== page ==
Study Evaluates Prevalence of 4 Major Rosacea Subtypes

April 8, 2022
Armand Butera

Armand Butera is the assistant editor for HCPLive. He attended Fairleigh Dickinson University and graduated with a degree in communications with a concentration in journalism. Prior to graduating, Armand worked as the editor-in-chief of his college newspaper and a radio host for WFDU. He went on to work as a copywriter, freelancer, and human resources assistant before joining HCPLive. In his spare time, he enjoys reading, writing, traveling with his companion and spinning vinyl records. Email him at abutera@mjhlifesciences.com.

Differences in rosacea subtypes were also observed regarding patient sex, continent of origin, and the year of publication.

A new systematic review into a variety of rosacea subtypes found erythematotelangiectatic and papulopustular rosacea were among the most prevalent subtypes. Differences in rosacea subtypes were also observed regarding patient sex, continent of origin, and the year of publication.

In 2002, the National Rosacea Society established a classification system for rosacea that was based on 1 primary feature such as transient or persistent erythema, inflammatory papules or pustules, or telangiectasia.

Further classification would involve 4 subtypes including erythematotelangiectatic rosacea (ETR), papulopustular rosacea (PPR), phymatous rosacea (PhR), and ocular rosacea.

The system was updated in 2017 and replaced with a phenotype-based approach to diagnosis, which was later adopted by the National Rosacea Society Expert Committee.

Investigators led by Yousef Barakjii, MS, Bispebjerg Hospital, University of Copenhagen, utilized this system in their systematic review and meta-analysis of published literature to examine the frequency of the 4 major subtypes of rosacea.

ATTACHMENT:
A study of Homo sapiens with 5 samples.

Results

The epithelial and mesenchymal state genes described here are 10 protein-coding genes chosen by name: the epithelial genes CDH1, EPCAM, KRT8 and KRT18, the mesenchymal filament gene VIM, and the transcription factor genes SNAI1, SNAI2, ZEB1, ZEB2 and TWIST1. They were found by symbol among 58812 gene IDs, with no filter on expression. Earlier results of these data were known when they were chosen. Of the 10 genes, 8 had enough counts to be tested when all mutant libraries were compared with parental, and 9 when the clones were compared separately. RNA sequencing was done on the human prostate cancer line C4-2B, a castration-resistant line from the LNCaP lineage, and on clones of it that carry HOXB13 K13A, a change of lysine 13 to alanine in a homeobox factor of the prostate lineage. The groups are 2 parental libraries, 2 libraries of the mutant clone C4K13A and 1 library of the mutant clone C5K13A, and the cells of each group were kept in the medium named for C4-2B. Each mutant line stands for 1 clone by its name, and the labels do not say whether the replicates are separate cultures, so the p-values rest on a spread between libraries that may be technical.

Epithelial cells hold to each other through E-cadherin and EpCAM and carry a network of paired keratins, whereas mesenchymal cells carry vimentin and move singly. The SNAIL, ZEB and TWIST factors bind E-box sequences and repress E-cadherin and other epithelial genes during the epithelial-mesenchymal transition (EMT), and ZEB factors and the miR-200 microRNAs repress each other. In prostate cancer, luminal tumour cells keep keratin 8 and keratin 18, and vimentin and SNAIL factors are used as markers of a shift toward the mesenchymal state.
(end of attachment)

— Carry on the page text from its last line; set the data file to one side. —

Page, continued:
Rønnstad and colleagues utilized PubMed and Embase to search for all relevant articles regarding rosacea from data-base inception to November 2, 2021.

Additionally, the Newcastle-Ottawa scale (NOS) was used to assess the quality of eligible studies in the analysis, with a NOS score of 6 or higher indicating high quality. All studies were included regardless of their NOS score.

From there, studies were divided into 3 groups, with the proportion of rosacea subtypes being determined for each one. No restrictions were issued regarding study design, but eligible studies were required to be original and include absolute numbers or frequency of patients affected by the rosacea subtypes.

The search ended with a total 9732 articles, 6219 of which were from Embase and 3513 that originated from PubMed. Following removal of duplicates, a total of 102 articles were included in the qualitative analyses, with 97 containing data for the quantitative analysis.

Among these articles, 39 studies reported all 4 subtypes of rosacea, and a total of 140,458 patients with rosacea were included in the analysis.

Investigators noted that the ages of the patients ranged from 8-95 years, and that it was not possible to provide a mean or median. Despite this, most studies reported a mean age of approximately 50 years.

The team observed that the pooled proportion of erythematotelangiectatic rosacea was 56.7% (95% CI, 51.4%-62.0%), followed by papulopustular rosacea at 43.2% (95% CI, 38.8%-47.6%), phymatous rosacea at 7.4% (95% CI, 6.1%-8.9%), and ocular rosacea was 11.1% (95% CI, 6.7%-16.3%).

Subtype distribution was equal among men and women, with the exception of phymatous rosacea, which was more prevalent in men.

Notably, studies from Africa- 4 in total- featured the lowest proportion of erythematotelangiectatic rosacea, and further differences in frequency of subtypes were observed when stratification by publication year was performed.

Despite the suggestions that the data presented regarding common subtypes of rosacea, investigators emphasized caution due to the high degree of heterogeneity.

“Better and more detailed reporting is warranted in future studies to allow for new and improved insight into subtypes and their possible association with clinical characteristics and comorbidities,” the team wrote. “We also strongly recommend that future studies use the phenotype-based approach to diagnose and report rosacea.”

The study, "Assessment of Frequency of Rosacea Subtypes in Patients With RosaceaA Systematic Review and Meta-analysis," was published online in JAMA Dermatology.